J.P. Morgan Healthcare Conference

Here's what people talked about at JP Morgan's health-care conference

Key Points
  • At the J.P. Morgan Health Care Conference there was a lot of chatter about how tech will affect the industry.
  • Another big question was the impact of a windfall from lower corporate taxes.
  • The shift toward outcomes-based pricing of drugs.
Alex Gorsky, chairman and chief executive officer at Johnson & Johnson.
Christopher Goodney | Bloomberg | Getty Images

The biggest health-care investing conference of the year has come to an end, but the ideas discussed will continue to play out this year.

Here are some themes from the J.P. Morgan Healthcare Conference:

The digital revolution

How tech will affect the health industry remains a question mark.

Digital upstarts are developing new technologies to measure and treat patients. Giants like Amazon are considering getting into the mix.

Johnson & Johnson CEO: We should all be acting like Amazon's getting into our business

Johnson & Johnson CEO Alex Gorsky said companies across the medical spectrum need to act like Amazon's going to disrupt them.

"Because frankly, we have to create a crisis," he told CNBC on Tuesday. "We have to make sure we're always competitive, we're always thinking about how can we be more effective, how can we be more efficient. And so we're thinking that way across all of our different businesses."

Merck CEO: We continue to work with Trump Administration to try and do what's good for patients

He and Merck CEO Ken Frazier both said they would welcome Amazon into the pharmacy supply chain business. Gorsky said he would support Amazon's entry if it meant more transparency around costs.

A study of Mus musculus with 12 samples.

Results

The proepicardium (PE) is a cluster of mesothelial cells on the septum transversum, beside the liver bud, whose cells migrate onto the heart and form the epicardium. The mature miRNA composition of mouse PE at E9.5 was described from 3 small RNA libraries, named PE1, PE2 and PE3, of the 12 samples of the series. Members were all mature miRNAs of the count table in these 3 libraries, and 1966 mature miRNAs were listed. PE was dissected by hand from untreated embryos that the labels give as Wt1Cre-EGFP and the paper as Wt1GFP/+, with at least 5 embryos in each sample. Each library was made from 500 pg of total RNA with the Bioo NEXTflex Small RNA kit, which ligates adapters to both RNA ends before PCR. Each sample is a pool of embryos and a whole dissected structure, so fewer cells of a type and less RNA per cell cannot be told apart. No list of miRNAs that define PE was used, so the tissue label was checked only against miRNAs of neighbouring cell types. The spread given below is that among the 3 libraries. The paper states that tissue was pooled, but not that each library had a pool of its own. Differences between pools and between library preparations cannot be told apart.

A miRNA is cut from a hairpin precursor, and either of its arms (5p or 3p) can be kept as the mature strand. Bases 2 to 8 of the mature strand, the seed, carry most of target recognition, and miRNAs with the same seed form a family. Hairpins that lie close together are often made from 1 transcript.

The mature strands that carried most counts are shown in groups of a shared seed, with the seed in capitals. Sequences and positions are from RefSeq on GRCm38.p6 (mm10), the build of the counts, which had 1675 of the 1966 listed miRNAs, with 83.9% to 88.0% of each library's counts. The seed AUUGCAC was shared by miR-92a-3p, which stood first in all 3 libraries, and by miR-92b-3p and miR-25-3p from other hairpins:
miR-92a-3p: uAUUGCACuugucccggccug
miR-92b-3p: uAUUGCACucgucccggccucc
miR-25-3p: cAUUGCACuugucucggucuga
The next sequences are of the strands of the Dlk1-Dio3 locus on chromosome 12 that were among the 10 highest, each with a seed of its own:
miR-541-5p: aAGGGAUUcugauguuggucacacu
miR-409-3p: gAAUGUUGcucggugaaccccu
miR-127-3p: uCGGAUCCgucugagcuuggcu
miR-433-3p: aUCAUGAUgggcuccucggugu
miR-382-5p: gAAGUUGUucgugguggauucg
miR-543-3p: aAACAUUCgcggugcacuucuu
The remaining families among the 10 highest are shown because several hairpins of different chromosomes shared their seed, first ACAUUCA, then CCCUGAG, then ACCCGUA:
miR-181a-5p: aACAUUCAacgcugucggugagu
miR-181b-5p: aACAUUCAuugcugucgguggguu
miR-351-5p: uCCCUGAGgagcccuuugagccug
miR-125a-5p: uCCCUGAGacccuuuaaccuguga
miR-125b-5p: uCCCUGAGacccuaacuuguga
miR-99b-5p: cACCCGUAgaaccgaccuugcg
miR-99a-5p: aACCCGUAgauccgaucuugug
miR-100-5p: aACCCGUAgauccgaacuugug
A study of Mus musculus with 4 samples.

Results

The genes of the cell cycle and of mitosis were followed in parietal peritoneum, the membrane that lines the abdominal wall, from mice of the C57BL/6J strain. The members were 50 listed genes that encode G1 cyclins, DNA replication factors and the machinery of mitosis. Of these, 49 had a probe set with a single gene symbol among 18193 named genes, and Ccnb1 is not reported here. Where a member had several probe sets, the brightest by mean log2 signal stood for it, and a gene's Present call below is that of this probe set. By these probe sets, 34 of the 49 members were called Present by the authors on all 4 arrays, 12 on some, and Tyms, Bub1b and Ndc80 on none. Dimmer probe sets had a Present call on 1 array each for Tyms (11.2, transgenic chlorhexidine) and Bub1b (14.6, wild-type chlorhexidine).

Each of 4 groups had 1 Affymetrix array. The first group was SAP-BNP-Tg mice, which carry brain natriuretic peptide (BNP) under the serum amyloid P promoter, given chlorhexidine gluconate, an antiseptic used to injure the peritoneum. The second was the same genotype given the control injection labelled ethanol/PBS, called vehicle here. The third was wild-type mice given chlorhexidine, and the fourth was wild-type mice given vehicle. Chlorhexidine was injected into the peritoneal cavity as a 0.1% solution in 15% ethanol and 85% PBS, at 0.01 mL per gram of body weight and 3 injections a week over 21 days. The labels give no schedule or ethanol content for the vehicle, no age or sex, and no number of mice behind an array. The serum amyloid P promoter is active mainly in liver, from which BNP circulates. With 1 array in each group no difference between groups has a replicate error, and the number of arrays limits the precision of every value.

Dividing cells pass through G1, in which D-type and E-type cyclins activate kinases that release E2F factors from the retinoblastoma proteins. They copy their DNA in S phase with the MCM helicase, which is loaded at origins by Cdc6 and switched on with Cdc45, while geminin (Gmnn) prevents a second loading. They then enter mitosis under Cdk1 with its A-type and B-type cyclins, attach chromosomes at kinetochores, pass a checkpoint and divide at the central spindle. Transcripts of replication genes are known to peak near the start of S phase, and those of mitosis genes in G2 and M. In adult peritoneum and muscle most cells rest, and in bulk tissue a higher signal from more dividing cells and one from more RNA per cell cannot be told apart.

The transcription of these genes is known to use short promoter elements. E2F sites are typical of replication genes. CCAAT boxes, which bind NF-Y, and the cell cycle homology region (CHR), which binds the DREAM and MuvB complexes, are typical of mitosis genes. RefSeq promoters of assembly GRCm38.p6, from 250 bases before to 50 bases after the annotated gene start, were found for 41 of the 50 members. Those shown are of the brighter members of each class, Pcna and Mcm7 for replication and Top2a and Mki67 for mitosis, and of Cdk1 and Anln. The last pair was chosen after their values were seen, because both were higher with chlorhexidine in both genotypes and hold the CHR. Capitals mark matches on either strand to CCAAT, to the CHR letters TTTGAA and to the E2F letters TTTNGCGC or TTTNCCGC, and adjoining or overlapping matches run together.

"If that's a more efficient way of getting drugs to patients, we would be in favor of it," Frazier told CNBC on Monday.

Taxes, taxes, taxes

Analysts have predicted the new tax law would spur a buying spree, but discipline was a theme echoed throughout the rooms of the Westin St. Francis in San Francisco.

The new law will make it cheaper for multinational corporations to bring back their overseas cash, though they will still have to pay a one-time tax on the money. Some companies divulged what that cost would be.

Many praised the changes but said just because they can access cash doesn't mean they'll change their capital allocation strategy, which includes mergers and acquisitions when appropriate.

Still, some observers see opportunity for a few major deals this year, especially in wake of CVS' plans to purchase Aetna.

Medical device makers braced themselves for the return of a 2.3 percent sales tax. They had received a reprieve for the past few years, but that ended at the turn of the new year.

The first payment is due at the end of the month unless Congress acts beforehand. If legislation isn't passed before then, a retroactive measure could come later.

Pricing the future

Some companies expressed support for getting paid based on whether their treatments work, a system known as outcomes-based pricing.

Spark Therapeutics brought the concept into the spotlight earlier this month when it announced its Luxturna gene therapy would cost $850,000. It proposed tying payments to how effective the drug was and using a sort of payment plan.

Medtronic CEO Omar Ishrak said there's no doubt in his mind getting paid for a drug's effectiveness is the right thing to do and the industry will eventually get there.

Even though some executives philosophically believe in the system, there are still hurdles to overcome, such as how to establish and measure effectiveness.